Scott Walker is harnessing ill will to advance his cause.
The Republican sweep in Wisconsin and across the nation propels us into a new era of right-wing triumphalism.
Scott Walker's presidential campaign starts now.
At the Overture Center on election night, Mary Burke gave a concession speech in which she quoted Vince Lombardi about getting knocked down and standing back up again.
Burke cited the enduring progressive values she championed in her campaign. The biggest applause lines came when she mentioned "women's rights to control our own bodies," collective bargaining and the minimum wage.
Over at Gov. Scott Walker's victory party in West Allis, the crowd booed these same lines as they watched Burke concede on the big screens.
The Walker supporters even booed Vince Lombardi, which, one Twitter user pointed out, shows how much Walker has divided Wisconsin.
It was telling that women's rights, collective bargaining and the minimum wage came in for particular cheering at the Burke party in Madison, and particular derision at Walker headquarters.
These are the fault lines of our national politics.
Walker won in Wisconsin despite that fact that his "divide and conquer" strategy -- stirring up resentment among nonunion workers against public employees who have health care and retirement benefits -- has not benefited the workers whose ill will toward teachers, firefighters and state workers he so successfully engaged.
He put the squeeze on those same insecure workers with his budget cuts and school privatization schemes, and with his opposition to a federal health-care expansion for the working poor and an increase in the minimum wage.
"How did this happen?" one bewildered attendee at the Mary Burke election party asked after Burke's concession speech.
The answer, in part, lies in a coordinated national strategy to advance the interests of corporations and undermine the power of workers, community institutions and democracy itself.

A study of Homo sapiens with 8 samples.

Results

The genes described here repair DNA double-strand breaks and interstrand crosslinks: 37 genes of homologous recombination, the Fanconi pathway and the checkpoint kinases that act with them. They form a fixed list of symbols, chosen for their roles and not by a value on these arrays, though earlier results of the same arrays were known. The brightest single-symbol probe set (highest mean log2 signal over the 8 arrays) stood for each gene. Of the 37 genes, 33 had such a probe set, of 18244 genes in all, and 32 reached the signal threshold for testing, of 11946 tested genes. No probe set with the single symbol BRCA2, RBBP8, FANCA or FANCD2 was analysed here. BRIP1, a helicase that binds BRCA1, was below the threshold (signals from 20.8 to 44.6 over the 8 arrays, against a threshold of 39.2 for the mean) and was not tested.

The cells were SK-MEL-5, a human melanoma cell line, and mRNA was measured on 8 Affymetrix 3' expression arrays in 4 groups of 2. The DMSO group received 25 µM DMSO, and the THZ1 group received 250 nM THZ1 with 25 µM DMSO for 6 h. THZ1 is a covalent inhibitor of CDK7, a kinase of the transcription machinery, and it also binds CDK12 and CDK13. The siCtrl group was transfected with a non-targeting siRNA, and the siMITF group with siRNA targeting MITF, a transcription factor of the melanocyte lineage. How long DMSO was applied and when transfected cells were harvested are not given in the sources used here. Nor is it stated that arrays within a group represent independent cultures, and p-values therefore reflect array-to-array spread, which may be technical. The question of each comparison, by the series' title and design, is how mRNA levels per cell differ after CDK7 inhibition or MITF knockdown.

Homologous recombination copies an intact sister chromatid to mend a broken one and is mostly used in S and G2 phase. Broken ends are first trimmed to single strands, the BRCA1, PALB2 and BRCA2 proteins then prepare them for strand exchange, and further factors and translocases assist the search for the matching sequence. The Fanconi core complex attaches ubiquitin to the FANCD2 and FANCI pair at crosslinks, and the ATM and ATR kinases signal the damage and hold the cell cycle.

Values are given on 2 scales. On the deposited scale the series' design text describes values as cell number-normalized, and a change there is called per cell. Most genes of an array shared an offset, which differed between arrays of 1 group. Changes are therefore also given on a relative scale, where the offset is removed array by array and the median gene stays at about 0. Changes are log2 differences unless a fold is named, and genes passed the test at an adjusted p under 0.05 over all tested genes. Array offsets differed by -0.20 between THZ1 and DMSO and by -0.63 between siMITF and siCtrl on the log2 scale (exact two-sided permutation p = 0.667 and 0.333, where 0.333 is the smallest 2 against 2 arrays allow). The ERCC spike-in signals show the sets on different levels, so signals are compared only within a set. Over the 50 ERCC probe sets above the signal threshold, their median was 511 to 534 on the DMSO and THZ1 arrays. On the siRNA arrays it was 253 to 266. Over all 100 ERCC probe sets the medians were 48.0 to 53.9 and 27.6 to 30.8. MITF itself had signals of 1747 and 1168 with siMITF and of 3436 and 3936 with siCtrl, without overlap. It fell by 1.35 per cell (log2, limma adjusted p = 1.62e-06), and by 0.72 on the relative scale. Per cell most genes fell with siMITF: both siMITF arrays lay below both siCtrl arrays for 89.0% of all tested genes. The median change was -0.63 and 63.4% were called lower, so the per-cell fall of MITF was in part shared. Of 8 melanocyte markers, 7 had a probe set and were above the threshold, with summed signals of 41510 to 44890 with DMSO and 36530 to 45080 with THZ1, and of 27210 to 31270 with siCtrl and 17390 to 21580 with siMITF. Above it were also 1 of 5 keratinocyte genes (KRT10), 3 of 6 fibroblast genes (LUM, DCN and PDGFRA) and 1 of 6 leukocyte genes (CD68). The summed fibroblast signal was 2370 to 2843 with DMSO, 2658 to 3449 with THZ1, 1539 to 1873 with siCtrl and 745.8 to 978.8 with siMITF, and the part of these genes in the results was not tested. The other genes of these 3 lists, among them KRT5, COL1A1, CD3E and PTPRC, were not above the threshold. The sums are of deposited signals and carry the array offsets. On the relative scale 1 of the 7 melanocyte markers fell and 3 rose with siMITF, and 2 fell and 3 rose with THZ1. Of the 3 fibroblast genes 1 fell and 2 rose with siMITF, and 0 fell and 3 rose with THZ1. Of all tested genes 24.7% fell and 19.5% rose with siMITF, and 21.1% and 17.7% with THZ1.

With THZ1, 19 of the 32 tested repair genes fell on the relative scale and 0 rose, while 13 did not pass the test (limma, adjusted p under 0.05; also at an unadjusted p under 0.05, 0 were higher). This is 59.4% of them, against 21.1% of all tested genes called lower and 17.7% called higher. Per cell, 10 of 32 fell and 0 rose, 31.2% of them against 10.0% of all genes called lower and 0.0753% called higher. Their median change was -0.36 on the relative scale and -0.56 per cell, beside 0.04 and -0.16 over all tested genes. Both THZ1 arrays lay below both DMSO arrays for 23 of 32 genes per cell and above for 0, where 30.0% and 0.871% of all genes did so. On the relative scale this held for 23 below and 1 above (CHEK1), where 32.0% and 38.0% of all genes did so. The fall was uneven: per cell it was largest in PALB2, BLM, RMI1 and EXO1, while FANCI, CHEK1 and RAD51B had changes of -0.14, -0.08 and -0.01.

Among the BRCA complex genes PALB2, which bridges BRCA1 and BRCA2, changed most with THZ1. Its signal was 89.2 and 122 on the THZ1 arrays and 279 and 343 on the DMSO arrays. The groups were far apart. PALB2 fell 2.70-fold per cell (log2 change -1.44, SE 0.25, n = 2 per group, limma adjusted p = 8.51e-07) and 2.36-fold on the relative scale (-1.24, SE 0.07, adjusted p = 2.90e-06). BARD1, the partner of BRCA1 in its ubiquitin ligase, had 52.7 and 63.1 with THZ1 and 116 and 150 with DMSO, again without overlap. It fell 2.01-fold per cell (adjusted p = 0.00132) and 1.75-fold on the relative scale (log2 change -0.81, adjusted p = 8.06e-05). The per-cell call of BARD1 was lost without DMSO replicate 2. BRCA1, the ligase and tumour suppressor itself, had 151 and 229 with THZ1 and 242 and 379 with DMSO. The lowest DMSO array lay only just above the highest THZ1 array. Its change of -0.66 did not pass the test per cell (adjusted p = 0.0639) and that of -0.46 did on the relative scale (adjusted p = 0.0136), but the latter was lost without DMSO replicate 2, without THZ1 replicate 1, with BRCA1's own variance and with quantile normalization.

Part of that strategy was the millions of dollars in out-of-state money that poured into Wisconsin from right-wing billionaires like Sheldon Adelson, who dumped $650,000 into our state after U.S. District Court Judge Rudolph Randa conveniently suspended Wisconsin's campaign finance law.
Part of the strategy was cooked up at the American Legislative Exchange Council, the national corporate-run policy mill that produced the laws Walker and other Republican governors pushed.
Progressives need their own strategy. Not a one-election strategy. Not another well-funded, good-looking, poll-tested candidate. But a massive grassroots organizing drive that speaks to voters' deepest concerns.
As Mike McCabe, the executive director of the Wisconsin Democracy Campaign, puts it, "We have one party that's scary and another that's scared."In his book, Blue Jeans in High Places: The Coming Makeover of American Politics, McCabe explains why poor, rural voters in Clark County where he grew up either don't vote or vote against their own interests.
Democrats are simply not offering a forceful alternative to the antigovernment fervor stoked by Republicans: It's been a long time since Democrats were fiery populists, offering big ideas like rural electrification and the expansion of the University of Wisconsin System.
U.S. Sen. Tammy Baldwin told the crowd at Burke headquarters Tuesday night that it was time for Democrats to go on the offensive: "Tomorrow we will get to work writing the next chapter of Wisconsin's proud progressive tradition."
Ruth Conniff is the editor of The Progressive.